Finally an IPO to get the tech world excited.
While venture funding this year has reached levels not seen since the dot-com bubble and private valuations have exploded, the public markets have been largely relegated to the sidelines
Leave it to a storage company to try and break the ice.
Pure Storage, which ranked 16th on the latest CNBC Disruptor list, filed its IPO prospectus on Wednesday, announcing tentative plans to raise up to $300 million. Even at that amount, which is likely to increase, it would be the biggest deal for a U.S. enterprise technology company this year, and certainly the most high-profile name since Box in January.
There's much more activity in the late-stage venture market. According to CB Insights, more than 100 companies have raised private rounds of at least $100 million this year.
"We're seeing fewer companies have the need to test the public markets, because they can get so much in the private markets," said Anand Sanwal, CEO of New York-based CB Insights
In a blog post, First Round Capital's Josh Kopelman called the phenomenon a "private IPO" boom and said that one benefit for companies is that "it removes arbitrary time constraints on growth and profits."
That means all eyes will be on Pure when it finally debuts, likely in the next couple months.
Pure develops flash storage arrays, which are rapidly replacing the old spinning discs that businesses used in data centers. Pure promotes its technology as delivering 10 times the performance of legacy hardware from the likes of EMC and NetApp. It was built for an era of massive cloud applications and big data.
EMC has been fighting back with a product called XtremIO, and was the leader in all-flash arrays as of the first half of 2014, with 22.6 percent of the market, according to IDC. Pure ranked second at 18.3 percent, followed by IBM at 16.7 percent and NetApp at 9.1 percent.
Unlike its closest competitors in the flash market, Pure is unshackled from struggling legacy businesses. Revenue at EMC increased a meager 3.3 percent in the latest quarter, while IBM and NetApp reported declining sales.
Pure invests heavily to get in the door and then counts on its clients to increase their spending over time. According to the prospectus, as of Jan. 31, more than half of Pure's customers bought more gear within 12 months of first signing up, with its top 25 clients spending on average an additional $4 for every $1 of initial purchase.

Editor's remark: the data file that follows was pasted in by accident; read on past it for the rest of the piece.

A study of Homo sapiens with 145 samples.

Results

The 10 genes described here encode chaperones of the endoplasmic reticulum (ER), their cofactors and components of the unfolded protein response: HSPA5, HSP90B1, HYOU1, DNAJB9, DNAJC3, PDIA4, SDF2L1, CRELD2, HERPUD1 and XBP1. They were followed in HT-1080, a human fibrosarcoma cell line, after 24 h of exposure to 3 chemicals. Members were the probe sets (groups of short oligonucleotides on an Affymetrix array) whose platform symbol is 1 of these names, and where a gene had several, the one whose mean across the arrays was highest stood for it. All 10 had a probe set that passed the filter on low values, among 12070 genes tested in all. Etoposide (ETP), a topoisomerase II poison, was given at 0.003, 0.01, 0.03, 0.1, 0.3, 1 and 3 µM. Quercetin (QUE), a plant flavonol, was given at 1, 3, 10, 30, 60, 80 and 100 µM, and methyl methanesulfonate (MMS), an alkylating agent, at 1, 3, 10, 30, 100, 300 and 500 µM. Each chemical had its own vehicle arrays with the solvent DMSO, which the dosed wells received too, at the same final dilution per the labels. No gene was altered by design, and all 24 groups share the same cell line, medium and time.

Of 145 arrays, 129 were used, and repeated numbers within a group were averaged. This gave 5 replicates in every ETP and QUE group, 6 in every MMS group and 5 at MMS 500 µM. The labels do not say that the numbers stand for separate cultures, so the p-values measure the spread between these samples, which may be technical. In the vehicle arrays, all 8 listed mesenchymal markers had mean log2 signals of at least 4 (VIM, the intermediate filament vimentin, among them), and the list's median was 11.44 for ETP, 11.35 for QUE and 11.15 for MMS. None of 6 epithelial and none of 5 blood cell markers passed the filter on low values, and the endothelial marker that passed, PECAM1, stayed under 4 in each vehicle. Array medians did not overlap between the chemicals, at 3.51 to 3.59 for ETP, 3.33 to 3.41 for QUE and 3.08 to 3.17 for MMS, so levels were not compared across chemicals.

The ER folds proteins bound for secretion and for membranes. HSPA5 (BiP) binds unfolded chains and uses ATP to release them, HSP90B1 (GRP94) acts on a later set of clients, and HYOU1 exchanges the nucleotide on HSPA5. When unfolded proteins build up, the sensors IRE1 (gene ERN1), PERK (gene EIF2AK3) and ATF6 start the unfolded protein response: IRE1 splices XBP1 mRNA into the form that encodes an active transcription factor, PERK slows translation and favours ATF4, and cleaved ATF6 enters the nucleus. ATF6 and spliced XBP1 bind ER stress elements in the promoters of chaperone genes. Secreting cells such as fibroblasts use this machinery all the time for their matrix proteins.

Piper Jaffray analyst Andrew Nowinski wrote in an April report that EMC was seeing weakening demand in part due to pricing pressure from Pure, which some channel partners said "is selling at a loss in order to displace EMC."
Like so many hypergrowth enterprise companies in recent years, Pure has depended on big financing rounds to fuel its expansion. In April 2014, the company raised $225 million at a valuation of more than $3 billion, in a round led by giant mutual fund company T. Rowe Price. In total, Pure has raised $470 million.
The company's research and development spending more than doubled to $31.7 million in the latest period, while its sales and marketing expense almost doubled to $48.3 million. That all added up to a quarterly net loss of $49.1 million, representing two-thirds of revenue.
A spokesperson for Mountain View, California-based Pure declined to comment because of the quiet period, but EMC is under no such restraints. Based on Pure's revenue, its market share is lower than expected, said Josh Goldstein, vice president of EMC XtremIO, in an e-mailed statement.
Pure also has to contend with the burden of recent history.
Box has tumbled 38 percent since its opening-day pop in January, while Hortonworks and New Relic are trading just above their debut prices from December. Xactly went public in June, and has yet to show gains for new shareholders.
They're all software businesses that have virtually nothing in common with Pure, except that they sell to enterprises and lose money.
High-speed storage businesses have been even more troublesome for public investors. Violin Memory has been disastrous, and Fusion-io sold for less than its IPO value. Nimble Storage, which makes a hybrid storage product, has lost value since its day-one bump in 2013.
Rather, Pure has to hope that it's perceived more like a Workday or ServiceNow, which have handsomely rewarded investors since selling shares to the public in 2012, despite also racking up big losses.
Pure has at least one thing on its side: personnel. Among its six outside board members are Aneel Bhusri and Frank Slootman, the CEOs of Workday and ServiceNow.